The Russian Foreign Ministry's spokeswoman slammed the US decision to withdraw from the INF Treaty and noted that Moscow now has the right for reciprocal actions. She added that Washington's move is part of a strategy to free the US of responsibility in various legal spheres.
The ministry's spokeswoman Maria Zakharova also stated that Moscow is surprised that the US still questions the transparency of Russia's actions under the INF Treaty, adding that Washington has failed to present any evidence proving alleged Russian violations of the accord, "apart from Tweets".
'Full NATO Support' — Trump
US President Donald Trump announced in a statement that upon withdrawing from the Treaty, the US will move on with the development of its own military response to the alleged Russian violations. He added that Washington's NATO allies "fully support" the US in its actions in regards to the INF withdrawal.
Trump also stated that Washington has "fully adhered" to the accord for over 30 years and said that the US can't be "the only country in the world unilaterally bound by" it. At the same time, he noted that the US is ready to engage with Russia on arms control negotiations that would lead to striking an agreement that is "verifiable and enforceable", and which provisions are fulfilled by all parties involved.
The US president went on to say that once such an agreement is reached, Moscow and Washington would be able to achieve "an outstanding relationship on economic, trade, political, and military levels".
A senior US administration official told Sputnik that despite the withdrawal, Trump is interested in improving relations with Russia. According to the source, the six-month period following the beginning of the US pull-out from the INF Treaty is Moscow's "final chance" to return to compliance with it.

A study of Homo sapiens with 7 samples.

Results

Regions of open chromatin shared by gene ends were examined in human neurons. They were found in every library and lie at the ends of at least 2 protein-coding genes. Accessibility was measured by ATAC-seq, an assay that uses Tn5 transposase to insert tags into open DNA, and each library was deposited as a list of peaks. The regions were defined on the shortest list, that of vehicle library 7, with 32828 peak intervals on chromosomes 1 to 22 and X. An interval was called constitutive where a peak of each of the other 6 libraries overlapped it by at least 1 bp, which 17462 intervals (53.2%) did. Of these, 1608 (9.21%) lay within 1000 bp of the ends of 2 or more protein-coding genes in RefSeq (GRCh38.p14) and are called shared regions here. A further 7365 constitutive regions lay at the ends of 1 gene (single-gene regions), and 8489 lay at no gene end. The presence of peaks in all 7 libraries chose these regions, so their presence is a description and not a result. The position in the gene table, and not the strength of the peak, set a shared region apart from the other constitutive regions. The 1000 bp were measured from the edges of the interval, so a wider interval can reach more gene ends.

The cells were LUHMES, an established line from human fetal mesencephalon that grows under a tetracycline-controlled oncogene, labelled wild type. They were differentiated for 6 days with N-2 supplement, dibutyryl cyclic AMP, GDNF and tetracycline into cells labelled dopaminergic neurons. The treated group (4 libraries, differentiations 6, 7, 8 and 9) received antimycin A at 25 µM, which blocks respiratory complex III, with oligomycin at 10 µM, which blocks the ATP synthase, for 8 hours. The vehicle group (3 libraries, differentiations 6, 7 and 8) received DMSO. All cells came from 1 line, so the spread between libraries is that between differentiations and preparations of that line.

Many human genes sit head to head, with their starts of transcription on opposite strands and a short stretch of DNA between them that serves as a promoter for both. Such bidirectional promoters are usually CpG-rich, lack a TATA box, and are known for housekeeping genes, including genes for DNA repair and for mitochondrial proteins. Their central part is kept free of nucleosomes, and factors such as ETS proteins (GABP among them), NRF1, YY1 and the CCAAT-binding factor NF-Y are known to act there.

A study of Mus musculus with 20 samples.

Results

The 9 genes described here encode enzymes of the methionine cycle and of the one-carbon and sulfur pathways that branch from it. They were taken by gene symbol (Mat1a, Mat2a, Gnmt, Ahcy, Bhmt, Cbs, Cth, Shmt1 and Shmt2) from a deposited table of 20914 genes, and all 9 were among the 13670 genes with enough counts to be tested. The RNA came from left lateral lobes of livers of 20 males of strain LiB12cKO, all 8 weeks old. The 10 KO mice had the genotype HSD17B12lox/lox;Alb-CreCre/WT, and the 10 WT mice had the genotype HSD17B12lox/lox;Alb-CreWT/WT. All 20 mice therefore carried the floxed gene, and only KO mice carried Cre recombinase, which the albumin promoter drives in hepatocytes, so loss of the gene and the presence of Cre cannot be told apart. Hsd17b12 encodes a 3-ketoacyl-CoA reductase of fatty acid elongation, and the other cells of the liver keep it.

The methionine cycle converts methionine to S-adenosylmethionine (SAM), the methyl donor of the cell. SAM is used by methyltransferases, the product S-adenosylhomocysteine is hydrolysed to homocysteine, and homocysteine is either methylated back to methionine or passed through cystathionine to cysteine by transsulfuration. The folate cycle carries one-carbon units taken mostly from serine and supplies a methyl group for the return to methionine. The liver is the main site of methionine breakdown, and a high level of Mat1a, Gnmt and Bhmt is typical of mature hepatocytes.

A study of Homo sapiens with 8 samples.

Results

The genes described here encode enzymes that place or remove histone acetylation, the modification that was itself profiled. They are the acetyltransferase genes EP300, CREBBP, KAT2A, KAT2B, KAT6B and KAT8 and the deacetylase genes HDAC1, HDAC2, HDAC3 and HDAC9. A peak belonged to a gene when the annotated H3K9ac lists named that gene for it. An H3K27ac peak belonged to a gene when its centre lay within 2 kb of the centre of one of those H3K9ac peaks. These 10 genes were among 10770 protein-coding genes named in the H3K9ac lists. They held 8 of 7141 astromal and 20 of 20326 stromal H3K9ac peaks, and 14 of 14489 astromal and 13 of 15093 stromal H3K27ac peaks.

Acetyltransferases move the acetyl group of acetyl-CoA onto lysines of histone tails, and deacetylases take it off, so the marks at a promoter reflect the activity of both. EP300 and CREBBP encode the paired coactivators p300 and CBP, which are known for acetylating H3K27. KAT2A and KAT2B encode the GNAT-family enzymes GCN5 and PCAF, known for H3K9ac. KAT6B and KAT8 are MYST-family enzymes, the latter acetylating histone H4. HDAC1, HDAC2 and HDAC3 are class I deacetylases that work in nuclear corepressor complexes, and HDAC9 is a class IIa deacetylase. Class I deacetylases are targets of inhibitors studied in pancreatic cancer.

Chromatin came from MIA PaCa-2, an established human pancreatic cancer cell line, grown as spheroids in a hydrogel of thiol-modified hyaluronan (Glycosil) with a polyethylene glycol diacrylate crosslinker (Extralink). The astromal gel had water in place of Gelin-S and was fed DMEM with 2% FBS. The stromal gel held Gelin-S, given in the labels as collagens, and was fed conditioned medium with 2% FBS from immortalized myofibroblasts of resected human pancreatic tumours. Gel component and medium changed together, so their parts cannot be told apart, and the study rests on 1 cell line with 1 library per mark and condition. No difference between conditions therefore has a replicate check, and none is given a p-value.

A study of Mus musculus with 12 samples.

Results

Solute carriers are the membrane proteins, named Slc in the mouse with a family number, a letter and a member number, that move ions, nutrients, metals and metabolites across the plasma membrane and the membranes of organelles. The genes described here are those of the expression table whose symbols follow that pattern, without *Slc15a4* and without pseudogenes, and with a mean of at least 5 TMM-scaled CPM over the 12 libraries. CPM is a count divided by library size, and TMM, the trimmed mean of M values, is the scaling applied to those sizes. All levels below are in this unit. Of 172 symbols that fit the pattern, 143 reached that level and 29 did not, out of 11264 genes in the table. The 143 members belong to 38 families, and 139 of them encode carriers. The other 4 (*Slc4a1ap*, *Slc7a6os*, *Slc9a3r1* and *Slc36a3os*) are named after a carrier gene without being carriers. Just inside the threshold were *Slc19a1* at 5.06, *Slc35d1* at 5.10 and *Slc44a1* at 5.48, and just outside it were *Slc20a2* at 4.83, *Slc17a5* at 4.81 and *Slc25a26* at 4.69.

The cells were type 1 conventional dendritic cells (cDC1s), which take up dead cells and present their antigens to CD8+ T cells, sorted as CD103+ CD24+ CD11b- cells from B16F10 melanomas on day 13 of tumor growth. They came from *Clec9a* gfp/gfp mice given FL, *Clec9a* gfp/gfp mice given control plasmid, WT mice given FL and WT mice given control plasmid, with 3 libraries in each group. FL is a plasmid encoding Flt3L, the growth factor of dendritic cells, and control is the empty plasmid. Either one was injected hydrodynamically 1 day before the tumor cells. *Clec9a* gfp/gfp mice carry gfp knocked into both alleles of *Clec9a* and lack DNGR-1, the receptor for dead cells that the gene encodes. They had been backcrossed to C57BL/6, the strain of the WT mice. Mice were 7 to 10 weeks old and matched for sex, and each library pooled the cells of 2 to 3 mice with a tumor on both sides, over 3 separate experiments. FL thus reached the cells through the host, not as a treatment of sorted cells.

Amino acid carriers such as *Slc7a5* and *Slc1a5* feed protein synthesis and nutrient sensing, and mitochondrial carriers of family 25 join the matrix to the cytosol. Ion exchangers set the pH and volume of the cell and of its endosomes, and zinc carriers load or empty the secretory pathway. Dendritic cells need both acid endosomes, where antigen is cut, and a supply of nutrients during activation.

"The ball is in Russia's court. If it is interested in a positive relationship with the West, it needs to stop some of the […] actions against the West", the official said.
The US official noted that currently, the White House is not considering deploying nuclear weapons in Europe following the withdrawal from the INF Treaty.
Withdrawal Announcement and Conditions
Secretary of State Mike Pompeo announced that the US will be suspending its obligations under the provisions of the INF Treaty starting on 2 February. He further threatened that the accord would be entirely terminated if Russia doesn't fulfil the US' demands regarding the alleged treaty violations. Specifically, Washington wants Moscow to destroy all ground-based 9M729 missiles and their launchers, as well as other associated equipment that allegedly violates the INF Treaty.
"We provided Russia an ample window of time to mend its ways and for Russia to honor its commitment. Tomorrow that time runs out. Russia has refused to take any steps to return real and verifiable compliance over these 60 days", Pompeo said.
According to to the Secretary of State, Russia has six months to salvage the deal while the US goes through the process of withdrawing from it.
German Foreign Minister Heiko Maas wrote on his Twitter page that without the INF Treaty, the world will become less safe, adding that it doesn't need debates about a build-up of armaments, but arms control treaties.
US Claims of Alleged Russian INF Violations
The US claims that Russia is violating the accord by testing the 9M729 (NATO reporting name SSC-8) missiles at ranges banned by the agreement. Russia has repeatedly denied the accusations, arguing that the 9M729 missile range does not violate the INF Treaty. Moscow held a briefing to present the missile in question and clarify its characteristics.
During the briefing, the Russian Defence Ministry revealed that the 9M729 has a maximum range of 480km, meaning that it is in line with the INF Treaty requirements. However, representatives of the US, UK, France, Germany, the EU and NATO did not attend the ministry's briefing on the missile.
The INF Treaty was signed by the Soviet Union and the US in 1987, and provides for the elimination of all nuclear-armed ground-launched ballistic and cruise missiles, along with their launchers, that operate at ranges of between 500-1,000 kilometres (short-range) and 1,000-5,500 kilometres (intermediate-range).